Blurring those lines again.
And making decisions that give people more options for good food. While keeping their businesses profitable.
The old Community Supported Agriculture model used one or two farms, without all sorts of add on options. It was great in good years. Not so great when flooding, or drought, or extreme heat or cold, impacted the yields. We see now how two of our major food sources have expanded their horizons and brought in farms from farther away.
I can hear it now. “but it’s not local. Not from our state(county)”. Maryland is a very tiny state. 42nd in terms of area. You know, if we lived in Texas, we could be more territorial. Just for fun, I put my map on my iPad over the state of Texas. Moved the view to Maryland. I could make it all the way to SC if I put MD on top. Or all the way to upstate NY if we were on the southern edge of the page.
Thinking regionally is a good thing. It gives us access to fresh food from a surrounding area that may not have had all the rain we did.
Cast in point. Our CSA, Lancaster Farm Fresh is bringing food in for their wholesale business from farms south of us. When they need to meet demand in the CSA, they occasionally use that wholesale produce for our boxes.
Like these collards last winter.
If you want a sense of what drives these decisions, read this interview with our CSA founder Casey Specht.
The refinement of our CSA model into a full service food delivery system is a remarkable journey in seven years.
Then, take a look at what Friends and Farms is doing. And excerpt from our latest newsletter. Phil’s Farm Field Trip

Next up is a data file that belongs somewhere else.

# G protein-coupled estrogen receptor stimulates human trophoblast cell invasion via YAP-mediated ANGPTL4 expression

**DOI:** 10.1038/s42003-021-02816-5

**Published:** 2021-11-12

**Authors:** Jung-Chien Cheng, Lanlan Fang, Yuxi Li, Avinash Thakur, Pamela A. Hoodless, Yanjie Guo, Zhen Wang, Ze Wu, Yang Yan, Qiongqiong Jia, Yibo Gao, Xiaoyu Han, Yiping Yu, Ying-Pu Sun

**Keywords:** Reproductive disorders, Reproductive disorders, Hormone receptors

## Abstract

“With 14 days of rain in a row and little relief in sight, we decided to send Philip on an expedition to find both sun and spring produce among his many friends in the Carolinas. He finally encountered the sun in Newton Grove, NC, and the produce was not far behind. Burch Farms in Faison was busy at work harvesting leafy greens and a little further down the road, strawberry harvest was just wrapping up. But the real purpose of the trip was a little further South at the Farm of Chalmers Carr where the season’s first peaches were being harvested. Because our local harvest was decimated by the late winter storm, we are asking Mr. Carr to start shipping peaches to us within the week. We know it is early, but we can’t risk a “peach-less” summer. To top the trip off, Philip stopped by the Pine Ridge pecan orchard to visit what we hope will be a bountiful fall harvest of paper shell pecans. So far, so good!”
I can’t wait to order those pecans.
I have done quite a bit of my shopping from them, in addition to getting my protein and dairy bag. Just this past week.
Checking out the refrigerated items. Picking up my favorite yogurt. A few cheeses. Not to mention the butter I normally buy from there, Trickling Springs butter. I do love how our food services add so many items from small farms and vendors to their inventory.